Despite increased privacy and consumer protection standards, online ad spending in France still growing rapidly

June 1, 2012 | Retail & Ecommerce | Media Buying

Earlier this week, we looked at the effect of the European Union (EU) Data Protection Directive as the UK enacts regulations to control the data that websites can collect on their users via cookies. France, the third-largest online ad market in the EU, updated similar legislation in August 2011, requiring web publishers to inform users regarding the use and collection of information via cookies.

Preliminary data suggests those changes don’t seem to have stifled the online ad spending market. A March 2012 report from Institut de Recherches et d'Etudes Publicitaires (IREP) and France Pub estimated online ad spending surged ahead 10.6% in 2011 for a total of €1.67 billion ($2.32 billion), a growth rate significantly higher than the total marketing and ad spending rate of 1.9%.

Ad and Marketing Spending in France, by Media, 2011 (millions of € and % change)

Cookie and privacy regulation did nothing to stem online ad spending in 2011, and 2012 looks to be no different. eMarketer, in our soon-to-be-released worldwide ad spending forecast, expects online ad spend in France to increase 12% in 2012, for a total of $3.19 billion on the year.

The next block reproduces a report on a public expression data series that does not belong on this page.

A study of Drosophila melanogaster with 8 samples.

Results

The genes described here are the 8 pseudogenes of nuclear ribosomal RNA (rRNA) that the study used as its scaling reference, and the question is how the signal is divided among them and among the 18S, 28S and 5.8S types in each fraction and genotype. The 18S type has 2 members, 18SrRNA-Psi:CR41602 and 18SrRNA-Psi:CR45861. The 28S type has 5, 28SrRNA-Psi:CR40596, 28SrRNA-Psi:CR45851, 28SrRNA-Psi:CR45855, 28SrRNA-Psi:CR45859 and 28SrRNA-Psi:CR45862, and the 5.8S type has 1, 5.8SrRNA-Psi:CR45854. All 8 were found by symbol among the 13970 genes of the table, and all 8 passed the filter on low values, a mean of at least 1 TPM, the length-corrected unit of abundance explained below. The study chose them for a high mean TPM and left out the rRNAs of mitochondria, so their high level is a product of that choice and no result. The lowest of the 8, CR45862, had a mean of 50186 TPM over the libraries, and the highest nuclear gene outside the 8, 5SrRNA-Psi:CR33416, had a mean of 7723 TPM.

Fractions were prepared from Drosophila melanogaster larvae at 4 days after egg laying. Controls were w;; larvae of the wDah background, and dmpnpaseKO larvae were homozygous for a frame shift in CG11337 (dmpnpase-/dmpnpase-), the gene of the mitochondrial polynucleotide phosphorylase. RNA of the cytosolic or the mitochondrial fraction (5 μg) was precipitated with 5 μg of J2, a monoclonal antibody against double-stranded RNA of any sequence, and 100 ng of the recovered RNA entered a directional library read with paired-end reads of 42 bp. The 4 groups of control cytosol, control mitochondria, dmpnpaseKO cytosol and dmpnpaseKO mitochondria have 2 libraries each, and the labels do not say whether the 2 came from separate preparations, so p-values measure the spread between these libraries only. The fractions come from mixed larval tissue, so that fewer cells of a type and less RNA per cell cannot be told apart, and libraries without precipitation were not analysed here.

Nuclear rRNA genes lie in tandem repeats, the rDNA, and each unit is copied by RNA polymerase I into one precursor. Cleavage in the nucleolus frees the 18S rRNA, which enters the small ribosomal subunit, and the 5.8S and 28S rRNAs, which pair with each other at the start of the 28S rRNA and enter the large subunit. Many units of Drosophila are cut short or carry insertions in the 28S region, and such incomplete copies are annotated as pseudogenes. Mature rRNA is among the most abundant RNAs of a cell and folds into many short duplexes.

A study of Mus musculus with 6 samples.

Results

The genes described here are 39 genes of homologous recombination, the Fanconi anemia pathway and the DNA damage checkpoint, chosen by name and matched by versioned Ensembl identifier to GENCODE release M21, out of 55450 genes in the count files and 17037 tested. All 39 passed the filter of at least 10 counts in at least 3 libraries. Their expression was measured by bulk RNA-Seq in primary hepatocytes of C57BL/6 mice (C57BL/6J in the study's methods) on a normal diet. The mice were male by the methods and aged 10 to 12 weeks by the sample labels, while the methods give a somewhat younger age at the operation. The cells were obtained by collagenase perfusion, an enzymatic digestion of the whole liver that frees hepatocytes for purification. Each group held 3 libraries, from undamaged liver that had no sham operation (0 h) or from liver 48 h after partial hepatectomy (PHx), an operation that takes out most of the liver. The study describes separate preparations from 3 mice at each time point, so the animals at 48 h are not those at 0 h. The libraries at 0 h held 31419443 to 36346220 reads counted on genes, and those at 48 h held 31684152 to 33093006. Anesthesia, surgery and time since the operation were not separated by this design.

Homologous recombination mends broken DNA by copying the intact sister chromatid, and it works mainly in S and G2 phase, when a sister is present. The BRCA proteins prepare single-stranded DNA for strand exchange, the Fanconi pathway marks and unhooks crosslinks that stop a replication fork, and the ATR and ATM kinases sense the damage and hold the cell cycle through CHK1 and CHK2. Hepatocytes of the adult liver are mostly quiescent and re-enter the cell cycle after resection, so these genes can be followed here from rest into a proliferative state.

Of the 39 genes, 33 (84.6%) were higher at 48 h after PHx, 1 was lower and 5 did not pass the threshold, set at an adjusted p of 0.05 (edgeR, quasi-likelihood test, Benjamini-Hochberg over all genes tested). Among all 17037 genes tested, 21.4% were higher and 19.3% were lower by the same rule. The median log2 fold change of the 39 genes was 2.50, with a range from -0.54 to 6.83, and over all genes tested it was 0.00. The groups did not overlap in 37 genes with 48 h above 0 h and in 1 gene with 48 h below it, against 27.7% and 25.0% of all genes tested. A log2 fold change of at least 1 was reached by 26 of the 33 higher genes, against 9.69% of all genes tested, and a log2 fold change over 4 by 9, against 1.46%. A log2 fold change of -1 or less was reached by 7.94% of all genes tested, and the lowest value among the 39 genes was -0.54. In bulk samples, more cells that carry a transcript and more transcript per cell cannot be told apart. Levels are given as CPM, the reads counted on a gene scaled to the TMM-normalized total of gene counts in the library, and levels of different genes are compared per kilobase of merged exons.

Consent is the key word when it comes to cookie regulation in France. According to consumer protection agency Commission nationale de l’informatique et des libertés (CNIL), France’s August 2011 law requires most websites to prompt users when they are either recording or inserting data on users’ machines via cookies, and must provide an option to reject them. Should a user not reject their use, consent is assumed. A firm can be fined up to €300,000 ($416,666) by CNIL if it is found in noncompliance with the law.

Some websites and publishers hope that the “opt-in by not opting out” approach to consent may in fact boost users’ opinions of websites that they frequent. In turn, the increased trust, and the transparency of recorded consent to track via cookies, may enable these websites to charge a premium for ads, pushing up rates and overall ad spend in France.